Facebook isn’t the only social network looking to take on Google‘s YouTube. Twitter is looking to ramp up its video rollout by letting some videos play automatically.
Starting today, some people in the U.S. who use Twitter’s iPhone and iPad apps may notice videos playing in their feed even though they never pressed play. It’s part of a two-pronged test the company is conducting to see whether people are more likely to watch a video when it starts playing automatically as it does in Facebook, as opposed to the current model requiring a click to play, as it does in YouTube.
“We’re running a small test on a few variations on the video playback experience,” a Twitter spokesman said in an emailed statement.
This autoplay video test will apply to Promoted Video ads, videos that users upload through Twitter’s mobile app and clips that are part of its Amplify program, which lets companies like ESPN and the NFL post videos with pre-roll ads, according to a person familiar with the matter. Videos that originate in Vine, Twitter’s company’s 6-second-video app, will not play automatically on Twitter as part of this test.
In one prong of the experiment, some people will see entire videos automatically play in a loop, while in the other, users will see looping 6-second autoplay previews teasing a video, the person said. Both formats will play the videos on mute. If people click on either video format, the video will expand to full-screen and play with sound.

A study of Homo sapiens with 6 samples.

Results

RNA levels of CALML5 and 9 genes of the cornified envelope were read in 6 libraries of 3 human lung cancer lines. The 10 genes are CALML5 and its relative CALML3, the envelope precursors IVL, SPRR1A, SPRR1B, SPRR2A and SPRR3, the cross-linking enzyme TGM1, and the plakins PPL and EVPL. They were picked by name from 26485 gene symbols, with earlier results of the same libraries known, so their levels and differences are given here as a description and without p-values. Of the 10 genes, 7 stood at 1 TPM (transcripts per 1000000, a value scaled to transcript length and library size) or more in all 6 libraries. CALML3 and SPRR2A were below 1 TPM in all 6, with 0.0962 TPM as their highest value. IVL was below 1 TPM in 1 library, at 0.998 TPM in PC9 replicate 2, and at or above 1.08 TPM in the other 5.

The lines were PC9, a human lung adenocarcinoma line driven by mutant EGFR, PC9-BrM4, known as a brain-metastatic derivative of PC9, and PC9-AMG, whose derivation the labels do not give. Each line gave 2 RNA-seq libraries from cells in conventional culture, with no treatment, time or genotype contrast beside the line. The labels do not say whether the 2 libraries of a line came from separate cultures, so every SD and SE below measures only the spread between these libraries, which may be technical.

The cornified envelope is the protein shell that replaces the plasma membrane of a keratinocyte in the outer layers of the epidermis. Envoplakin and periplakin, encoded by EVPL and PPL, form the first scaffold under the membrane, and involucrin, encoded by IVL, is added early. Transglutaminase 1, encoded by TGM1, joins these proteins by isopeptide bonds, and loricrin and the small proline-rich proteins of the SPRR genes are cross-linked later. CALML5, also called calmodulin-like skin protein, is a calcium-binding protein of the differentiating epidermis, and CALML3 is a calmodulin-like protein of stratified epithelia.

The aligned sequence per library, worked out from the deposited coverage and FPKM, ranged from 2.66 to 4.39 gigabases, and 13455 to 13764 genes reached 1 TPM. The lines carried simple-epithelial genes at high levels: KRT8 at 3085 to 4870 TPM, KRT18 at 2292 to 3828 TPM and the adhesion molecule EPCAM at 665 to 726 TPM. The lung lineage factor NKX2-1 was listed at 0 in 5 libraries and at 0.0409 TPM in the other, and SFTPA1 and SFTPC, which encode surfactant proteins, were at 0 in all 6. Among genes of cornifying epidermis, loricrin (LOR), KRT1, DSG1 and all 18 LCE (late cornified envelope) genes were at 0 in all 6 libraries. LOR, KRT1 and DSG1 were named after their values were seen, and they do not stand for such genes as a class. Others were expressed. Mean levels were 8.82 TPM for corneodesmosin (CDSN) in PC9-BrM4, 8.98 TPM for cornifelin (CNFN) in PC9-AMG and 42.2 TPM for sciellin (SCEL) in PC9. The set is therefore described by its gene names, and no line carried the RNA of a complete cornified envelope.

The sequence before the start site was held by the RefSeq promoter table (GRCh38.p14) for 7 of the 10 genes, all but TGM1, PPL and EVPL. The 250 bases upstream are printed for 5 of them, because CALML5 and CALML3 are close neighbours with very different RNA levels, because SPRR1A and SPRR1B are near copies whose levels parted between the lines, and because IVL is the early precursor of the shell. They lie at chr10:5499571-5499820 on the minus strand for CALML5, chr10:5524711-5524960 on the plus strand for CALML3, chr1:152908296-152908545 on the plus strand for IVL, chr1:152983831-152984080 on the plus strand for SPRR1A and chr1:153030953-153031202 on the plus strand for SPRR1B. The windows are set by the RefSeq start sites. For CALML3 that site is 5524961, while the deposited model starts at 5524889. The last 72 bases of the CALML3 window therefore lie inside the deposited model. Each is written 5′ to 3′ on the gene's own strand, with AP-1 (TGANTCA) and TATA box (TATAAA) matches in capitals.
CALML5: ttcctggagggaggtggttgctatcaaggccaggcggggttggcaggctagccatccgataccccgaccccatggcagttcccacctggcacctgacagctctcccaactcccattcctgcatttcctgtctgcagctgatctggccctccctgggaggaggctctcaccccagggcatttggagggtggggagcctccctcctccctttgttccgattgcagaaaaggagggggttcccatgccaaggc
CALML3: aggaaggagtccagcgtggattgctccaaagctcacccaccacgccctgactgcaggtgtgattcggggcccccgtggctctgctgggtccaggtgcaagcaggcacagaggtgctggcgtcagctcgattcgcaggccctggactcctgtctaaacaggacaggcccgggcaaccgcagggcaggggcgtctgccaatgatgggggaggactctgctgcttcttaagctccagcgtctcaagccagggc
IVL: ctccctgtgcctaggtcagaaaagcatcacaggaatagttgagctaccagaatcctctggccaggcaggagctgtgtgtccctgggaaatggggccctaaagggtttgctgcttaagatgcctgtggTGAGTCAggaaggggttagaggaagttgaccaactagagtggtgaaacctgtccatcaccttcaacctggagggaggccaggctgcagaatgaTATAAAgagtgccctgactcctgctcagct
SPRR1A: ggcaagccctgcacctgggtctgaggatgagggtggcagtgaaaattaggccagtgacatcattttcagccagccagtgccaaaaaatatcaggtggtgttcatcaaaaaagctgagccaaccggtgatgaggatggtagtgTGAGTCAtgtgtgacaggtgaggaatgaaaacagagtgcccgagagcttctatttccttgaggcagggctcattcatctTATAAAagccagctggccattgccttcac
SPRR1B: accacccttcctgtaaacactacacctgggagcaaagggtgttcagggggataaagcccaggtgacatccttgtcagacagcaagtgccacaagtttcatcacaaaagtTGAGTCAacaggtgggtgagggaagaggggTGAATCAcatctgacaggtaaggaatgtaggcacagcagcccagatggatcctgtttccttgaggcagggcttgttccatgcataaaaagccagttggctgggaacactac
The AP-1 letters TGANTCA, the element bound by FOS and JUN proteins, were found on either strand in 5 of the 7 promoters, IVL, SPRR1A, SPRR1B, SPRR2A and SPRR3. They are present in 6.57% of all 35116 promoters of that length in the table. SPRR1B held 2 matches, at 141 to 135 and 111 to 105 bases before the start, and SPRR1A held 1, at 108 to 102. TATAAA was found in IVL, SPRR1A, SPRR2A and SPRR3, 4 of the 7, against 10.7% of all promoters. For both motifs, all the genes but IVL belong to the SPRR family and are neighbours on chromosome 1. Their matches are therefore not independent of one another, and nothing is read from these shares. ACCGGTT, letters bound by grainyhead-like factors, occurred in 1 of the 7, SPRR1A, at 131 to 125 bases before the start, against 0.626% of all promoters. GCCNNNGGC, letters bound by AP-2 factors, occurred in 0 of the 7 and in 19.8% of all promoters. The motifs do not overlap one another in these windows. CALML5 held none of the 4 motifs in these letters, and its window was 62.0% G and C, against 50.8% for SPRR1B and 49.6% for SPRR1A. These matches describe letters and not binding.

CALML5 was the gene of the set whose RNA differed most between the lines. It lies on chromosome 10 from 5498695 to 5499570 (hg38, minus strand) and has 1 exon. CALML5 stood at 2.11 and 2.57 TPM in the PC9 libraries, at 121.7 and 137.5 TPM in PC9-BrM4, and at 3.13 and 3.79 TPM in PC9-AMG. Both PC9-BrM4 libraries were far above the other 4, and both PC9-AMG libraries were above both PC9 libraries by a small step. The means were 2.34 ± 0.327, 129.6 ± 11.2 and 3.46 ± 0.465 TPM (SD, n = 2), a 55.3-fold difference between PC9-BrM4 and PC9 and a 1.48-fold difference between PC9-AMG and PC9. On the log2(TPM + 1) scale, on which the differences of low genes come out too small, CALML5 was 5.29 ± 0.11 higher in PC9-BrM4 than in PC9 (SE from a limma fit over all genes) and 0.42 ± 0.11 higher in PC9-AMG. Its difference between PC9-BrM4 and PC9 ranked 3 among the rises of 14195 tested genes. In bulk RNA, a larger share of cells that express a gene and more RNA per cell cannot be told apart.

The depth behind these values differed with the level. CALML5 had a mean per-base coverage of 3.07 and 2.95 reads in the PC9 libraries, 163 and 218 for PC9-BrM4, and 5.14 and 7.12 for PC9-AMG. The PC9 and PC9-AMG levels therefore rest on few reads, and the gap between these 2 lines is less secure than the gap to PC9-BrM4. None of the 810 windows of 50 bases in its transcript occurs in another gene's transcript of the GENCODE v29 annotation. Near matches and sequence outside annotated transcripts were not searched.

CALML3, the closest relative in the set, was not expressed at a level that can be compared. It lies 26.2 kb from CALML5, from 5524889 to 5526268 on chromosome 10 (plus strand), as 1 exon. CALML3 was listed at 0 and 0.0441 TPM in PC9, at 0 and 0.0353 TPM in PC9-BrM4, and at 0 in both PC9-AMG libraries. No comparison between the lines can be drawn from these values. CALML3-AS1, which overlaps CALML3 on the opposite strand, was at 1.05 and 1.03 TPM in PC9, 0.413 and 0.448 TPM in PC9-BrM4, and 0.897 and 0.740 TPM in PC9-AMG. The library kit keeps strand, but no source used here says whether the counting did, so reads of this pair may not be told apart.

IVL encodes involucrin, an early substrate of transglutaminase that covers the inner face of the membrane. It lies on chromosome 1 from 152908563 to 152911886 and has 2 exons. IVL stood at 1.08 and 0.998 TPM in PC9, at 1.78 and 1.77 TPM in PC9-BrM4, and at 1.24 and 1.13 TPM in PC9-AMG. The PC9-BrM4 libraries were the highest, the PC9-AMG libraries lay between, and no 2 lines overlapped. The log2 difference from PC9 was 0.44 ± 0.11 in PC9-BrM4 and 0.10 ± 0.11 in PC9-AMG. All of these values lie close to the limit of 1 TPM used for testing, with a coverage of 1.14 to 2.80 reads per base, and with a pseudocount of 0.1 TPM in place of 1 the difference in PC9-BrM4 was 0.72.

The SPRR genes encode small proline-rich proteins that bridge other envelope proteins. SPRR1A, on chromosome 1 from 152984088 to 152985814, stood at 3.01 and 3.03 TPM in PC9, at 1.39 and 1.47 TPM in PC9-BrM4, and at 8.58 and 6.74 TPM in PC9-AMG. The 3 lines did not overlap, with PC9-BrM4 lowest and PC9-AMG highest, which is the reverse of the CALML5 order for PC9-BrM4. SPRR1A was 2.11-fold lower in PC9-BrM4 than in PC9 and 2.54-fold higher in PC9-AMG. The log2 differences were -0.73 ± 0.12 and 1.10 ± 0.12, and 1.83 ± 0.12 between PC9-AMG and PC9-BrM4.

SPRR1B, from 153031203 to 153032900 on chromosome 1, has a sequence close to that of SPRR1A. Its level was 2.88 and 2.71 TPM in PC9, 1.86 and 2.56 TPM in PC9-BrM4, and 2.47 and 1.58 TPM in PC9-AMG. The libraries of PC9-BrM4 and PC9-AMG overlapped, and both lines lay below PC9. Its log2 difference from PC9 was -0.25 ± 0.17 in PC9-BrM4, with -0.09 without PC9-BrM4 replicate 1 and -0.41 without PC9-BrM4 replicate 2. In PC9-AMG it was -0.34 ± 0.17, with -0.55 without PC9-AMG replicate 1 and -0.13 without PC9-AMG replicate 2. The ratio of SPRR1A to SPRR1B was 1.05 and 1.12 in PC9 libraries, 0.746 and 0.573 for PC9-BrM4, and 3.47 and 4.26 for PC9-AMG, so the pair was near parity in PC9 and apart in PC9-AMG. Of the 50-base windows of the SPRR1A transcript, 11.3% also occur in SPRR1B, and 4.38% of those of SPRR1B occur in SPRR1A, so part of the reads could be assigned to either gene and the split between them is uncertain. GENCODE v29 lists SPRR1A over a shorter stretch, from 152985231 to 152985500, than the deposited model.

Ad Age reported in January that Twitter told agency execs during CES that it was considering adding 6-second previews of brands’ video ads that would play automatically.
Autoplay appears to be an easy way for companies to grab viewers’ attentions. If a video starts playing on its own, then you’re already watching it. If it doesn’t autoplay, then you might need to spend time reading what the video is about before clicking to play it; in that time, you might decide you don’t want to watch it after all. Autoplay can also help boost view numbers, which can be an important metric for companies trying to coax celebrities, publishers and brands to post videos to their properties.
Facebook has parlayed autoplay video into big-time view counts since rolling it out in September 2013. During the social network’s most recent earnings call in January, CEO Mark Zuckerberg said that Facebook — which counts a video as viewed after it has played for three seconds — now averages more than 3 billion video views per day.
To date Twitter has counted a video as viewed once someone clicked to play it. If the autoplay preview format is officially adopted, it would likely continue to count a video as viewed once someone clicks to play the full version, the person said. It’s unclear how Twitter would count full-length autoplay video views.
The autoplay test is Twitter’s latest move in setting up its video arm to take on YouTube, which has dominated the digital video space for years, as well as Facebook, which is looking to usurp YouTube.
Roughly a year ago Twitter poached YouTube exec Baljeet Singh to be its head of TV and video so that the company could beef up its video business beyond the Amplify program and Vine. This January, Twitter added the ability for people to record and upload videos within the company’s mobile apps as a way to increase the amount of video posted to the social network. And last month it acquired Niche, a company that matches advertisers with digital celebrities like YouTube talent and Vine stars for brand campaigns.